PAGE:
San Francisco Chronicle reporter Mike McPhate recently spent time in Nodia, India, talking with some SBC call-center workers outside the office where they help North Americans with Web connection tech issues.
Several workers McPhate talked with related horror stories of the name-calling and insults several North American callers had thrown their way after they heard an Indian accent. The worst sort of jingoistic, sexual, racial insults- even before the worker had a chance to respond.
First, a caveat. Prejudice is contemptible and inexcusable in all its forms. If you have the slightest bit of racial, ethnic, religious or social prejudice, I don't like you.
But I have been sitting here trying to comprehend why a frustrated tech user in the U.S. would dump on someone with an accent even before they have a chance to try and help the caller solve their problem.
The fact that such rude behavior is always inexcusable doesn't mean it is not understandable.
People who call tech support are more often on edge than they are in touch with their better selves. They are paying $49.99 a month for this service, or have paid $1,500 for this box with circuits that aren't working.
Can't blame them for wanting answers, and wanting them yesterday. Often, there are key applications that can't be performed.
But I am sorry. I hate tech-support outsourcing. To me, every time I read about a company closing down a North American call center and shipping those jobs overseas to India, the Philippines, Russia, Ireland, or even Canada, I think this to myself:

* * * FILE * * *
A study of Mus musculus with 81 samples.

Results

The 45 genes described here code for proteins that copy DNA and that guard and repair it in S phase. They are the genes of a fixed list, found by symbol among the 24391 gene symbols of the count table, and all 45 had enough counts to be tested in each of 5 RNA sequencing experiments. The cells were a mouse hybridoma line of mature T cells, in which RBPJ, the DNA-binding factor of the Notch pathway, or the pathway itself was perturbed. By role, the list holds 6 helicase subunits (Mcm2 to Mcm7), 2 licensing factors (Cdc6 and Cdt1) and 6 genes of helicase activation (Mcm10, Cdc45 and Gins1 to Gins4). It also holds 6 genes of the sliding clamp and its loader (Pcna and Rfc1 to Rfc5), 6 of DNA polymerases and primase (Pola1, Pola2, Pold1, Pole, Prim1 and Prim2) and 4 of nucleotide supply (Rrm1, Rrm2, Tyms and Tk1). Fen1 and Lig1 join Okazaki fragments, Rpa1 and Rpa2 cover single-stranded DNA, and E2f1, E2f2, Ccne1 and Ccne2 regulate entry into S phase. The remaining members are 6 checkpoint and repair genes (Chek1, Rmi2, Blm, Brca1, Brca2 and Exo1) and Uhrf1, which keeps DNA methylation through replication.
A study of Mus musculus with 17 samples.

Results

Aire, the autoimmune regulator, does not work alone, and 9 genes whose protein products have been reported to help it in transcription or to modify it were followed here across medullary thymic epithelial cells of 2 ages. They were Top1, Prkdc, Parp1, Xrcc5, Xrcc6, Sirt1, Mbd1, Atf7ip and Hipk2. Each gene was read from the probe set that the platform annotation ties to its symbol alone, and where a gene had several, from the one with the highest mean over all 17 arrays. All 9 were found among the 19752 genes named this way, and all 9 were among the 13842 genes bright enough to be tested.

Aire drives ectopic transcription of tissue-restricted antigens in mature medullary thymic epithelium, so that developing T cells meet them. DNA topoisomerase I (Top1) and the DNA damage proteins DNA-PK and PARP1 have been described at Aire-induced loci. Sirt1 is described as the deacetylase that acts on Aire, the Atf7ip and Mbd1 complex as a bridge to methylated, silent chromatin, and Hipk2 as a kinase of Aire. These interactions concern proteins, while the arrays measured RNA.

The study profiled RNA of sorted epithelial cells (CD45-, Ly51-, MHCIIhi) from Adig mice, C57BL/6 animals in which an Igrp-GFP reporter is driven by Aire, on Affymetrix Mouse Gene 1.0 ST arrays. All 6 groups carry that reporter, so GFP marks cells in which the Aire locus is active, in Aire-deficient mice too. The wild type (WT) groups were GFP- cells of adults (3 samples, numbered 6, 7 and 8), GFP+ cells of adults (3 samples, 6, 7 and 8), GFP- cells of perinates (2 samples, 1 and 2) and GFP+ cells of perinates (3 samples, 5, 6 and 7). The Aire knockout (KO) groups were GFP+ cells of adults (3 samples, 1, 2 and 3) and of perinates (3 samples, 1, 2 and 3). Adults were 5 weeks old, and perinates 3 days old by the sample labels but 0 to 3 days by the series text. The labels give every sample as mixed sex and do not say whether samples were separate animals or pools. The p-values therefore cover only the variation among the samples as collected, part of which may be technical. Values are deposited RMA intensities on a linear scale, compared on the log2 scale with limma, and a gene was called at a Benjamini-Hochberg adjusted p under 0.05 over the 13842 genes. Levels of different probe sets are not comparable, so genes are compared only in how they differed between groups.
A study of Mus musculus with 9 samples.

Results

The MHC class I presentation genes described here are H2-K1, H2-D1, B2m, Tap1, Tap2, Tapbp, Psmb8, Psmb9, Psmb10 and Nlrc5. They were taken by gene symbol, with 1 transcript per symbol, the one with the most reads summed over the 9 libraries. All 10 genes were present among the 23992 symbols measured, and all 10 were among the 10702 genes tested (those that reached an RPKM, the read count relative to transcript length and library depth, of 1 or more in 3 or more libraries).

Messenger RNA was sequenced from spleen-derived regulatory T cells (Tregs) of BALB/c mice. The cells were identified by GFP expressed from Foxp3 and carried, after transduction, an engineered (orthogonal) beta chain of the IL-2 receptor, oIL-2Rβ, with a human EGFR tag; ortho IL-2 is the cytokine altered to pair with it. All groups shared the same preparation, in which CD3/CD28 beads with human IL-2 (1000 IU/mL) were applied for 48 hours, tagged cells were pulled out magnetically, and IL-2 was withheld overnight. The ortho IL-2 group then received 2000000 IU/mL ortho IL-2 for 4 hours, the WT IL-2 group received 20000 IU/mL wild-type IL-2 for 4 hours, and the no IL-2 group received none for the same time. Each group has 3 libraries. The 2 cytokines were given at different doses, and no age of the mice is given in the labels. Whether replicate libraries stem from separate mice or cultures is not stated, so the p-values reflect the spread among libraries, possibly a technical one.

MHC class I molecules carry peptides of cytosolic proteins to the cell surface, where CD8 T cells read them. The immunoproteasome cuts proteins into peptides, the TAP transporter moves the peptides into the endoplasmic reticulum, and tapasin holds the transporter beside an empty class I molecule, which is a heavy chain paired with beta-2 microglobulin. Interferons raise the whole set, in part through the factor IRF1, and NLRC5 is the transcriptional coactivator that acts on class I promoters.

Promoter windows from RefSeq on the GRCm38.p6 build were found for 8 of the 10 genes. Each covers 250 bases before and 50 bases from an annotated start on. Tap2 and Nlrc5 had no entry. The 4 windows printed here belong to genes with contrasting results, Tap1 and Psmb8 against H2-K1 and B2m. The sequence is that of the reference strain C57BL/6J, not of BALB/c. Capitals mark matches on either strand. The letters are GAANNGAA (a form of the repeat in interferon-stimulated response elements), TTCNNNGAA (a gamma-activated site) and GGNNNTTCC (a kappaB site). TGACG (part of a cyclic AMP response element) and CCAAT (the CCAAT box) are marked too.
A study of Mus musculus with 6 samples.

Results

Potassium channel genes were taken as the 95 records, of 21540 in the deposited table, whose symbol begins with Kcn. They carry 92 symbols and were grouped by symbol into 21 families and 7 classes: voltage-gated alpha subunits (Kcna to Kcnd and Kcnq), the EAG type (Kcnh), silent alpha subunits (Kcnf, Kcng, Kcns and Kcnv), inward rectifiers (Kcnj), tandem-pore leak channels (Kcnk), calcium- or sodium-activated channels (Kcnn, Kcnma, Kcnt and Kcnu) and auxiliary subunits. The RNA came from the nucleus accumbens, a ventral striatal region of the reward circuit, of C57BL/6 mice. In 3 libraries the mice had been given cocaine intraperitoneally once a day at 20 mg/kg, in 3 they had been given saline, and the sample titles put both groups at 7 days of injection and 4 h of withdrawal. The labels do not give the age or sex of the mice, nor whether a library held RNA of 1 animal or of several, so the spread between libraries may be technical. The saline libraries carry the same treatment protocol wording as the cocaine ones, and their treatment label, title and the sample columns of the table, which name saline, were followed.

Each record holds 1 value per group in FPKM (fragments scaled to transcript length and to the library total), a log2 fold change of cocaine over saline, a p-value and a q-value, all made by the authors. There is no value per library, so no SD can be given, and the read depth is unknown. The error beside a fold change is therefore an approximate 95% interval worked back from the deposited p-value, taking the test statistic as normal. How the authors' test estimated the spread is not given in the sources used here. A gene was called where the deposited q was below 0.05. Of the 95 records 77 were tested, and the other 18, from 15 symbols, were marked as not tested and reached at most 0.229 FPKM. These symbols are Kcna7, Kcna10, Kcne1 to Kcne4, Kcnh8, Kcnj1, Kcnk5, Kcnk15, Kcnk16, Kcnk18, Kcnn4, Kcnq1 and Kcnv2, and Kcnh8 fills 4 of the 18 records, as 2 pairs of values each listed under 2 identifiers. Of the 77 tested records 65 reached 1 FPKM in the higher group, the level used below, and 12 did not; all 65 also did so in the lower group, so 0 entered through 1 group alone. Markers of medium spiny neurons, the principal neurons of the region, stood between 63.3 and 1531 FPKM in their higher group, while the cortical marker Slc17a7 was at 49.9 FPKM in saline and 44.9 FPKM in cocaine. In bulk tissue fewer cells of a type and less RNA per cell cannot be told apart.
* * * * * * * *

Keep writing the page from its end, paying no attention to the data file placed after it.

Here's a company whose product I have paid a considerable chunk of change for, but one whose Board cares more about their stock price than their customers. And if they can boost the stock price a few extra points by offshoring their tech support to a country and third-party provider, they can't do this fast enough.
I do understand that for outsourcers, part of the issue here is the understandable urge to save on health-care costs. Yet it is a fact that few corporations, or their executives, frequently support the type of U.S. Presidential or Congressional candidate that would rein in health care costs by enacting price controls on big pharma. So when these same execs complain that they have to run offshore because of high health care costs, they need to look at who they have supported in recent elections.
Some may blame this high cost of U.S. labor on unions. While they are not totally without fault, many of their wage and benefit demands are simply necessary reactions to the runaway cost of health care.
There are other issues why I despise tech support outsourcing and offshoring. When tech support is just down the hall or across the office park away from the programmers or from r&d, and they sometimes run into each other in the employee cafeteria,those tech support workers can learn about solutions in development that once released, will address some of the issues those aggrieved callers are asking about.
You don't get that if your office is in Round Rock, Tex. (Dell), Mountain View, Cal. or Atlanta, and your tech support is in Nodia, or Bangalore, or Hyderabad. Or Winnipeg, for that matter (where much of Comcast's tech support is based).
There's also a business ethics case that is in play here. I've seen what happens to communities when tech support centers are closed and that work is shipped overseas. Hundreds are out of work. It is plain to me that tech-support outsourcing has terrorized more families than Al-Queda ever has. For these companies to screw Americans while displaying flag decals on their trucks is the height of hypocrisy for me.
So listen, you technology company CEOs. You are charged with unlocking shareholder value. But I, for one, don't give a spit if your stock trades at $61 a share rather than $58 a share because you have economized on your payroll due to tech-support outsourcing.